PS5 And Xbox Series X Loading Times, Compared (They’re Close)

PS5 And Xbox Series X Loading Times, Compared (They’re Close)
Image: Sony / Microsoft / Kotaku

So far we’ve shown you how PS5 loads games very quickly and Xbox Series X and S load games very quickly. Long story short, both systems load next-gen games at ludicrous speeds while giving older games a little push. But in order to gauge how ludicrous is ludicrous, we needed to get a couple of next-gen games the two systems had in common.

We had hoped to do this comparison sooner, but there wasn’t much crossover between PS5 and Xbox Series X preview access games. Sony was all focused on Spider-Man: Miles Morales and Astro’s Playroom. Microsoft concentrated on impressive upgrades to older games like Forza Horizon 4 and several games that had Xbox Series X/S codes but wouldn’t have PS5 codes until closer to launch, like Assassin’s Creed Valhalla and Watch Dogs Legion.

But now that we have the cross-platform games NBA 2K21 and Devil May Cry 5 Special Edition, we can finally pit the systems’ super-fast SSDs against each other. Oh wait, you blinked. We’ll do it again. First let’s test some Dante.

Screenshot: Capcom / KotakuScreenshot: Capcom / Kotaku

Though Devil May Cry 5 is an older game, this new Special Edition is all next-gen. It’s built for the new consoles, with improved graphics and support for framerates up to 120 frames per second (fps). Though I plan on upgrading to a faster monitor soon, the Xbox Series X and PS5 times below are running at 4K resolution and 60 fps. I measured the loading times between hitting “continue” and gaining control of your character. Thanks to Stephen Totilo and his little white box, we also have times for the Xbox Series S (though not at 4K, of course).

  • PlayStation 5: 4.01 seconds

  • Xbox Series X: 5.59 seconds

  • Xbox Series S: 6.95 seconds

Pretty fast, right? The takeaway here is that if you want to play Devil May Cry 5 Special Edition and you’re not doing it on a PS5, you are wasting precious seconds of your life. Or maybe it’s just “holy hell, these systems load games fast.” For another test, we also measured the time to get from the launch icon on the consoles’ respective dashboards to the start menu, hitting start to bypass the opening cinematic.

  • PlayStation 5: 19.52 seconds

  • Xbox Series X: 41.98 seconds

The hell? Double the load time? It seems the Xbox Series X took a little longer checking my network environment than the PS5 (it visibly lingered on the checking network screen), and there’s an extra prompt (press A on your controller) to go through.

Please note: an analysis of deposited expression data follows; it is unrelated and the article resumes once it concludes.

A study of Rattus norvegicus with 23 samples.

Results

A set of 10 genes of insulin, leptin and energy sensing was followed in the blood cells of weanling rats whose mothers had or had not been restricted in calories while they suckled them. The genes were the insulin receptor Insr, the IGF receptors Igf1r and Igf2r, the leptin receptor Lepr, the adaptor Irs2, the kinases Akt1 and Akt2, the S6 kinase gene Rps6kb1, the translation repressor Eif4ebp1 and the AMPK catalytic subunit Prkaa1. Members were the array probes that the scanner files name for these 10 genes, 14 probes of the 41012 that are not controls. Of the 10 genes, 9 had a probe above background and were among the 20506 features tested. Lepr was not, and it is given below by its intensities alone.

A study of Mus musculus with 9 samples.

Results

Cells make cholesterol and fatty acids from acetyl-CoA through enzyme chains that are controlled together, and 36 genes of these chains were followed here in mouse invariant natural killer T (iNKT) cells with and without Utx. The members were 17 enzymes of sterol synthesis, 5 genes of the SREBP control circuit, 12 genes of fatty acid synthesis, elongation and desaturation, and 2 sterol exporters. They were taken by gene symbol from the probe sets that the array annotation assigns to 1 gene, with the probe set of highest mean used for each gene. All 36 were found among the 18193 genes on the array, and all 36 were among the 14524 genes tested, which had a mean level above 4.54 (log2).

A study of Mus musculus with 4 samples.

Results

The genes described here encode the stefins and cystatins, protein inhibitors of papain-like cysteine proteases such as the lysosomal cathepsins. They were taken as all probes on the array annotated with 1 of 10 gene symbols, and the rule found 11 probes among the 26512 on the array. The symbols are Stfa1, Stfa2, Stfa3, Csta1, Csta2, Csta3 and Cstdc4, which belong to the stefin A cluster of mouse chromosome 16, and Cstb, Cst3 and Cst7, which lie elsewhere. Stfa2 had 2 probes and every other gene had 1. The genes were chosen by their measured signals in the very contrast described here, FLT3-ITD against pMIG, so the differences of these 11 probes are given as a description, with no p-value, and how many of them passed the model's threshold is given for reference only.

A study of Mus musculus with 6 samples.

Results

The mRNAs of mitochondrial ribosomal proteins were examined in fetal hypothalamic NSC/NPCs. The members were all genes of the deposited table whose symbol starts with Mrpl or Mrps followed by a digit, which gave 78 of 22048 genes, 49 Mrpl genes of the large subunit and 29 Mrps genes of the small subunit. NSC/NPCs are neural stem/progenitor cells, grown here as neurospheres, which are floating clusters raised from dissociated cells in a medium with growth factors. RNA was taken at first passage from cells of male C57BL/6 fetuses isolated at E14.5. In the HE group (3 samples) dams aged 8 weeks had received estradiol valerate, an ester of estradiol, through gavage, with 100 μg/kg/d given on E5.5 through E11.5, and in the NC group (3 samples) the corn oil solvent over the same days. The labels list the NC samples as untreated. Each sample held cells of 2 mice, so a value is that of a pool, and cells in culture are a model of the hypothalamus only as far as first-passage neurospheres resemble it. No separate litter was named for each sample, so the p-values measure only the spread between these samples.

Screenshot: 2K Sports / KotakuScreenshot: 2K Sports / Kotaku

Now we turn to the world of sports, in the form of NBA 2K21. Sports games are notorious for having long loading times to get into games. All those players, and spectators, and court details, and ad banners take a while to load into memory. Or they did. Here’s hitting the button to launch a Play Now game, mashing through the prompts:

  • PlayStation 5: 6.92 seconds

  • Xbox Series X: 5.19 seconds

That’s hitting the “Play Now” button from the main menu to the point where we’re officially in the game, including any skippable opening animations. Seems unreal, right? I was so floored I made a GIF.

Gif: 2K Sports / KotakuGif: 2K Sports / Kotaku

That’s fast. Almost too fast, as I like to use the loading times in sports games to convince myself that I suck at sports and should be playing some fluffy anime junk instead. Here are times from the consoles’ UI icons to the main menu:

  • PlayStation 5: 14.43 seconds

  • Xbox Series X: 22.81 seconds

Not even enough time to make a bad sandwich. Please do not barrage me with sandwich speedrun videos.

Overall the Xbox Series X seems to take a little longer getting into games, but once inside the differences between the two consoles as far as loading speeds seem negligible. That’s likely to be an ongoing trend. While both systems boast their own special way of handling data access, they’re both primarily built from variations of the same AMD hardware, custom RDNA 2 GPUs and custom Zen 2 CPUs.

Basically, when it comes to next-generation console loading times, everybody wins. I can’t wait for Nintendo to announce a new version of the Switch that predictively loads games based on your neural impulses.


  • These results are why the older comparisons were basically useless – comparing software that wasn’t optimised for the specifics of new hardware was never going to give reliable results, and I wasn’t surprised to see Xbox come out on top given how much closer the the architecture of the new console is to the old one when compared to the slightly stranger architecture of the PS5.

    The raw speed of the PS5 SSD didn’t mean anything then, but now it starts to show what it can do now. I think it’s still something of a moot point, in game I expect there won’t be any real advantages to that SSD speed, but the reactions to those earlier tests seemed so out of touch with how a console should actually be judged. Hardware has to be judged alongside optimised software, otherwise it’s all conjecture.

    • Comparing load times is going to be quite difficult in more ways as well.. If Xbox has Quick Resume for the last 3-4 games and most players will be juggling between those games I would assume it would load quicker into your save state than the PS5 could, however from cold boot, the PS5 should always be quicker.

      • To complicate the comparison even more, PS5 has that new card system that (where supported) can load directly into specific levels/missions and bypass the main menu entirely.